It's safe to say Wisconsin has a mixed record when it comes to slogans and brands.
Remember "Live like you mean it"? That slogan only lived only about seven months in 2009 after it was introduced by the state's tourism department. Critics said it sounded like something a motivational speaker might chant – and exactly like a slogan once used by a major distillery.
"Escape to Wisconsin" was enduringly popular, even if people sliced and diced the bumper stickers to cobble together their own slogans, off-color or otherwise.
In the mid-1980s, Gov. Anthony Earl asked state residents to submit their ideas for a new Wisconsin brand. The most popular suggestion – "Eat Cheese or Die" – never made it out of the starting blocks with state officials.
For better or worse, most state brands, slogans and logos over time have been driven either by tourism or agriculture, such as the "America's Dairyland" line that anchors the bottom of passenger vehicle license plates. Tourism and farming have been the tail that has wagged the branding dog.
That approach is changing with "In Wisconsin," the marketing initiative launched in late September by the Wisconsin Economic Development Corp. to highlight the advantages of starting, expanding or locating a business in Wisconsin.
"In Wisconsin" is a business brand designed to work at different levels and across all sectors. It conveys a sense of successful companies at home and hints to non-Wisconsin companies why they should consider expanding or locating here. It's also suggests a history of innovation and invention, which has long been the reality of Wisconsin businesses – although not always the perception.
"The reality of our business climate has changed. Now it's time to work on the perception," said Kelly Lietz, WEDC's vice president for marketing.
You might be surprised to learn the primary targets of the campaign are people living, working and running businesses in Wisconsin, not people across the Illinois or Minnesota state lines. It's not a new declaration of "border war" but an attempt to build a sense of pride in Wisconsin businesses among those who are best-prepared to serve as ambassadors – its own citizens.
An advertising schedule that begins this month in business-oriented media in Chicago, Wisconsin and the Twin Cities will use print, online and outdoor media to direct people to online video testimonials from prominent Wisconsin companies – Rockwell Automation, Schneider National, Organic Valley, Trek and Virent Energy. Direct outreach to audiences such as corporate site selection planners is also planned.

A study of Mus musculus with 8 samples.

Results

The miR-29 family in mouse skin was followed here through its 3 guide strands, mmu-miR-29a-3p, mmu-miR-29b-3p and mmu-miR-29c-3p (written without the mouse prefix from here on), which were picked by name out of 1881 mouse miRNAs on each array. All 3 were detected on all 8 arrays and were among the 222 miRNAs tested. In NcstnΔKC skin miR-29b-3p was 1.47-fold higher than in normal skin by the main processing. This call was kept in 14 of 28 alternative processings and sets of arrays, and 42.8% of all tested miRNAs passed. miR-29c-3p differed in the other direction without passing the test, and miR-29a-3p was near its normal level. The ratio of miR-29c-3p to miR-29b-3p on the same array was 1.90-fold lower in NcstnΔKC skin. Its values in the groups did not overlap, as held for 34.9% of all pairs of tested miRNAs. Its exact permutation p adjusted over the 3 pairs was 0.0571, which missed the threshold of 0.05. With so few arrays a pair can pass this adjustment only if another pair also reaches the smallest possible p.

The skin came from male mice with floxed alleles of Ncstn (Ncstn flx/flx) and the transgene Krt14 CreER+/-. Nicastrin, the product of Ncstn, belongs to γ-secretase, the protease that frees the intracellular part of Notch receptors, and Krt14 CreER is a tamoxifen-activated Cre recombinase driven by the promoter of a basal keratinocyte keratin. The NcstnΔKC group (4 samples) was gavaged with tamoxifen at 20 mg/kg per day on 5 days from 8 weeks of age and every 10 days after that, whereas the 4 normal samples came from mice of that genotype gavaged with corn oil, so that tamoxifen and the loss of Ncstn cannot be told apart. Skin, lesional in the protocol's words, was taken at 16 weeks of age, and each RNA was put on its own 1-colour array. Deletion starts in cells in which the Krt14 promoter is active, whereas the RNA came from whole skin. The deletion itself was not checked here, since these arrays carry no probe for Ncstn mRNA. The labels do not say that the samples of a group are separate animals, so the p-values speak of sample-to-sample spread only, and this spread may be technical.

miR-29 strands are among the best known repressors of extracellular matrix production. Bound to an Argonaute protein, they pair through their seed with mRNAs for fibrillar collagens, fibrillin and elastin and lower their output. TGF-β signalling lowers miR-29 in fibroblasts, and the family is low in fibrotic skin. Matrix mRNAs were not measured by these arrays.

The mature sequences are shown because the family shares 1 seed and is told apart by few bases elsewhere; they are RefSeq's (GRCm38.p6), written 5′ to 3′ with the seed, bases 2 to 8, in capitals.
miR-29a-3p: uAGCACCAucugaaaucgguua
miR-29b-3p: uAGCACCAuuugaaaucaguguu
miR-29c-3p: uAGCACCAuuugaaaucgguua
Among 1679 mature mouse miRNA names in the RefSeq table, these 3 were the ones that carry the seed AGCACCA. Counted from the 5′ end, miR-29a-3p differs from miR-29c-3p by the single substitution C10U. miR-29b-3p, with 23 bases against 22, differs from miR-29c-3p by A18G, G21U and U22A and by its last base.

"It's not us telling the story. It is Wisconsin companies saying it," Lietz noted. "It's business people talking passionately about the advantages of being here."
The testimonials underscore the diversity of Wisconsin's business landscape, with companies such as Virent engaged in producing next-generation biofuels and biomaterials and Rockwell Automation focused on industrial automation and information. Trek is a global brand in bicycles, Organic Valley is a leading producer of organic dairy products and Schneider National is one of the world's largest logistics companies.
The campaign also underscores the importance and history of entrepreneurism in Wisconsin, where innovative small businesses create most jobs. That's true in Wisconsin as well as nationally.
My own organization, the Wisconsin Technology Council, has used its "I-Q Corridor" brand to highlight the importance of tech-based entrepreneurism. The "I" suggest innovation, invention, intellectual property and investment as well as the interstate strengths of the upper Midwest; the "Q" suggests quality of living, education and workforce.
It remains to be seen if the $500,000 "In Wisconsin" campaign pays off over time – and such marketing initiatives always take time to work – but it's already a departure from the state's spotty branding history. The important business of telling the story of business in Wisconsin is no longer an afterthought.
-- Still is president of the Wisconsin Technology Council. He is the former associate editor of the Wisconsin State Journal in Madison.